The United Nations World Food Programme (WFP) in coordination with the Government is gearing up to deliver food for 180,000 people in the areas of Cuba’s eastern-most province hardest hit by Hurricane Matthew.
WFP relief operations will start with the delivery of rice and beans to the entire population of the four hardest-hit municipalities of Guantanamo Province: Baracoa, Maisi, Imías and San Antonio del Sur.
“We are working closely with national authorities to provide support to people in Cuba most affected by this disaster,” said WFP Representative in Cuba, Laura Melo. “We estimate that we will need US 4 million to assist 180,000 people during the next six months, and my call now is to the donor community to help us mobilize funds to assist the most vulnerable people affected by the hurricane in Cuba”.
The initial phase of this operation will use food stocks that WFP Cuba already in the country had to support the government response to disasters. They will go to the people most in need.
Food will then be provided to vulnerable groups –such as children between 6 months and 3 years of age, pregnant women and adults over 65 – in Caimanera, Manuel Tames, Yateras and Moa in Holguin province.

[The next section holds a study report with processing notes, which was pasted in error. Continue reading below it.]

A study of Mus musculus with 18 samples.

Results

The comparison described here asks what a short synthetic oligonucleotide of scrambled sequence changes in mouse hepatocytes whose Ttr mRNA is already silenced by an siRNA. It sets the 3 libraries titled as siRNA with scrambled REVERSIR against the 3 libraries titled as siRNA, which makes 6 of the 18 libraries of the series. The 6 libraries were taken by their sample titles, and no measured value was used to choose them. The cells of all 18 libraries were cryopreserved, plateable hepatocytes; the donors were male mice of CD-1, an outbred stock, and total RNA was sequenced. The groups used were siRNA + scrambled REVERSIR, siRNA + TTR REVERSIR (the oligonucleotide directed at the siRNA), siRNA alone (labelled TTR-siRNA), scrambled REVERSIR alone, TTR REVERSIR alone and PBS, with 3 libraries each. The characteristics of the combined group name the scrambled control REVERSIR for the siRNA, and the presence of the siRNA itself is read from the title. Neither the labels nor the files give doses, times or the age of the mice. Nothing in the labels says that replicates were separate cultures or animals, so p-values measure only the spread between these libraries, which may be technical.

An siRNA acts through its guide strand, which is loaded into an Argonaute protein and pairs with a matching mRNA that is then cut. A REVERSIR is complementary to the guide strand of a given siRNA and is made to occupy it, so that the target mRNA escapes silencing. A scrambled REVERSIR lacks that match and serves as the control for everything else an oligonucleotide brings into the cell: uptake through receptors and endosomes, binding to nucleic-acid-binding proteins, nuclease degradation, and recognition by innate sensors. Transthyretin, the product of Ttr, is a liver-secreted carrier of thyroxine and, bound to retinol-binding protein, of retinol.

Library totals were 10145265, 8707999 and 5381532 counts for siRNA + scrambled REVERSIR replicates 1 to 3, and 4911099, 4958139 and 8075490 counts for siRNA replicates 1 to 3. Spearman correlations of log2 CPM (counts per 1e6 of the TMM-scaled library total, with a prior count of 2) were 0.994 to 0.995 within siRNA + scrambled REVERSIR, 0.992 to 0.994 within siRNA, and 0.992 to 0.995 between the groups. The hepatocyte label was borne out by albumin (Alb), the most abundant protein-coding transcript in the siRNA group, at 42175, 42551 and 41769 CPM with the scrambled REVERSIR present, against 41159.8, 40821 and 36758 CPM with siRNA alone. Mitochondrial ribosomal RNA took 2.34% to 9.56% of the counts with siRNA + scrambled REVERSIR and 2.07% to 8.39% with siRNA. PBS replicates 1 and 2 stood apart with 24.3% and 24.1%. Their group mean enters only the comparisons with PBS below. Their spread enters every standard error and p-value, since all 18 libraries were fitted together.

With assessments underway in Cuba, food losses and damage to agriculture, homes and infrastructure damage are among some of the first reported impacts of Hurricane Matthew.
As part of the emergency response, WFP is also expected to deliver a corn and soybean fortified cereal compound to pregnant women, and micronutrient powder to children between the ages of 12 and 23 months to increase the nutritional value of what they eat.
WFP also plans to provide logistical support by delivering temporary warehouses, trucks and cooking utensils.
Hurricane Matthew was recorded as the most powerful storm to strike eastern Cuba in the last nine years. It hit the island on October 4th with winds over 200 kilometres per hour, classifying it a Category 4 hurricane on the Saffir-Simpson Hurricane Wind Scale.